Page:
The earlobe in Japanese cooking

earlobe.jpgDuring a bout of procrastination, I came across this post on Serious Eats about making udon from an translated-to-English Japanese cookbook classic, Japanese Cooking: A Simple Art by Shizuo Tsuji. You know this is a classic, since the original forward for it was written by M.F.K. Fisher! Anyway, the author of the Serious Eats post gets quite excited about the instructions in the recipe (which apparently calls for egg yolks...more about this later) saying to knead the dough until it's the texture of an earlobe.

Actually, the earlobe (mimitabu 耳たぶ) is used quite commonly in Japanese cooking. What? you say? Well...here's how.

  • As a gauge of texture. Touch your earlobe now. It's soft and yielding, but firm and bouncy, right? (That is unless you have a very bony earlobe...) This is the correct texture for a lot of doughs. So, to see if your dough, whether it's for noodles or buns or mitarashi dango or yatsuhashi. Therefore, many Japanese recipes call for dough to be kneaded until it's mimitabu kurai no katasa (耳たぶくらいの堅さ; about the hardness/texture of an earlobe) or mimitabu kurai no yawarakasa (耳たぶくらいの柔らかさ; about the softness of an earlobe).
  • To cool burnt fingers. The earlobe is supposed to be the coolest part of the human body. So, when Japanese people accidentally touch something hot while cooking, they instinctively touch their earlobe to cool it down fast. To me, it really does work! Give it a try next time you have an ouch! moment in the kitchen. (It doesn't work with knife cuts, of course.) Of course you should correctly cool burnt fingers in cold water, after the earlobe grab.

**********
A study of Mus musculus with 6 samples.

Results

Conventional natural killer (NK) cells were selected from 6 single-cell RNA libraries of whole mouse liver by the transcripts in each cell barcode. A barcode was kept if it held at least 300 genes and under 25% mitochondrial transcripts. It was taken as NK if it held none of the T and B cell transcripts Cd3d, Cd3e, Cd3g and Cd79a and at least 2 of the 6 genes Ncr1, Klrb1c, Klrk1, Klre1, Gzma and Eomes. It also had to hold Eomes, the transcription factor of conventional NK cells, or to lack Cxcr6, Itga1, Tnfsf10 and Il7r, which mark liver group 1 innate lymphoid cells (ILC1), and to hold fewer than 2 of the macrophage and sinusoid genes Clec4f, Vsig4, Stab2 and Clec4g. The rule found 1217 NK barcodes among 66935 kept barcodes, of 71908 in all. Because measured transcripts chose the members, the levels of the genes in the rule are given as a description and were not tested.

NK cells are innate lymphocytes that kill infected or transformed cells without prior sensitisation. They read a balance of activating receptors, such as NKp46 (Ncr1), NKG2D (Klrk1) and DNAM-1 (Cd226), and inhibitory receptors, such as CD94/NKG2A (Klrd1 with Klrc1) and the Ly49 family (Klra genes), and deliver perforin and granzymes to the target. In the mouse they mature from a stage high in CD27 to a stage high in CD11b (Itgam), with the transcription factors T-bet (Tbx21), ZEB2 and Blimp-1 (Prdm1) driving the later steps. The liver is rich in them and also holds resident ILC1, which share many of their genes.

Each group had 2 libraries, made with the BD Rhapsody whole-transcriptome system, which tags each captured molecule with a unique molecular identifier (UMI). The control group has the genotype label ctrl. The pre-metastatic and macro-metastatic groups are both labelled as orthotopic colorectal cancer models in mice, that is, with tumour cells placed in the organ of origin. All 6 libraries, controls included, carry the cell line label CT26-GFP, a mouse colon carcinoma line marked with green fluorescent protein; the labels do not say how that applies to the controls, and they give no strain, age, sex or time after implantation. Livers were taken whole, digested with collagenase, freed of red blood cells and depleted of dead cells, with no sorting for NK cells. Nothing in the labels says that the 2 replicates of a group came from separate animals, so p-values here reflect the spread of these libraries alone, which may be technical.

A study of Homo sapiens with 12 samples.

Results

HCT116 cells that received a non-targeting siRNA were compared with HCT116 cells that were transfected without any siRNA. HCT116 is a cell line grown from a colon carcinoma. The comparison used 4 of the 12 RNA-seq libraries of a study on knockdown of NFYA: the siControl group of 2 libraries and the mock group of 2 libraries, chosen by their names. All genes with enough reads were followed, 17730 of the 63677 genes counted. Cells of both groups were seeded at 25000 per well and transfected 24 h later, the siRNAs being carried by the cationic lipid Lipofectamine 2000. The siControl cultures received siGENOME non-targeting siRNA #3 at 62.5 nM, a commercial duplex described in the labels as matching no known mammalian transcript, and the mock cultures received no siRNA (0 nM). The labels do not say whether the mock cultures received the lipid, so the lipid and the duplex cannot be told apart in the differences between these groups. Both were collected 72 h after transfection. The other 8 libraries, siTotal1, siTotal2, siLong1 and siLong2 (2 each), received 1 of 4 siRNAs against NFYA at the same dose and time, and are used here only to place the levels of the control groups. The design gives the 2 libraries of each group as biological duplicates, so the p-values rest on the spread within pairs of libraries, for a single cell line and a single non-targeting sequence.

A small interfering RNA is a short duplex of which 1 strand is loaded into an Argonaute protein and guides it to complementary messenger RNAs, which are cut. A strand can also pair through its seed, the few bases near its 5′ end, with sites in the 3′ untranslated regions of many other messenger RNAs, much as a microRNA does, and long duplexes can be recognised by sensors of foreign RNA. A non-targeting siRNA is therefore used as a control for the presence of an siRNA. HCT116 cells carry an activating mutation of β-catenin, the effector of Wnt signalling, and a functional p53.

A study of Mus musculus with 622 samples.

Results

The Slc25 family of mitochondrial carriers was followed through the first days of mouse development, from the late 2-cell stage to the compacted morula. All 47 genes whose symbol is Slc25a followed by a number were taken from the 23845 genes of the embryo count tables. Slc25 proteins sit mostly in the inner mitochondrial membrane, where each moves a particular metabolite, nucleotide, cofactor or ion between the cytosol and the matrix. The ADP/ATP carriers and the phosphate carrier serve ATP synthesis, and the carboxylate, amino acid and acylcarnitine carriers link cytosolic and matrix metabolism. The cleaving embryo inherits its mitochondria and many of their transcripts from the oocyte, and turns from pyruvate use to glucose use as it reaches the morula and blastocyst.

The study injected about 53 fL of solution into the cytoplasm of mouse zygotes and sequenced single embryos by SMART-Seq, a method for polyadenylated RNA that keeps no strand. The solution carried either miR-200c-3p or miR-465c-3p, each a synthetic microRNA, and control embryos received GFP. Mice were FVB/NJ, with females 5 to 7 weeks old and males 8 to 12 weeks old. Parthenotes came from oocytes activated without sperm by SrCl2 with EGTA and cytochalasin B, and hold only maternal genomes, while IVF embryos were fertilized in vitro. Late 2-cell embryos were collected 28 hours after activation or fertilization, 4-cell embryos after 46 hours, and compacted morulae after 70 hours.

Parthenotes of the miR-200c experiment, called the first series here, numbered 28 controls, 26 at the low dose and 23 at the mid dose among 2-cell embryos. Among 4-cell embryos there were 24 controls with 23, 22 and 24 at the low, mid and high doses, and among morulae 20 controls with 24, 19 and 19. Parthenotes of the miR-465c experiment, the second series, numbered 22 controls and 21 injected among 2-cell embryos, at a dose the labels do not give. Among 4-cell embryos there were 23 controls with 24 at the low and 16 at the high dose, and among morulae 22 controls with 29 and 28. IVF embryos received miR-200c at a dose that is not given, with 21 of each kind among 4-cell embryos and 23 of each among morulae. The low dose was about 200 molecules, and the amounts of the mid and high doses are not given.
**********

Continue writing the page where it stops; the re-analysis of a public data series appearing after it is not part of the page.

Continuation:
So...(channelling the original Iron Chef)...next time you're in the kitchen, remember this: Your earlobe is part of your cooking arsenal!

(About the egg yolk in the noodle dough: The only reason why I can think of to add egg yolk is for the lecithin, which can make the noodles a bit more slippery. But to me, that is not real teuchi udon (handmade udon, 手打ちうどん): that's egg noodles, which are...just different. I'm not too unhappy with my current udon recipe and technique, but can't wait to get my aunt, who is the acknowledged master of teuchi udon, to show me how to make proper, slippery, chewy udon when I go to Japan in a few months.)

[earlobe photo by quinn.anya on flickr.]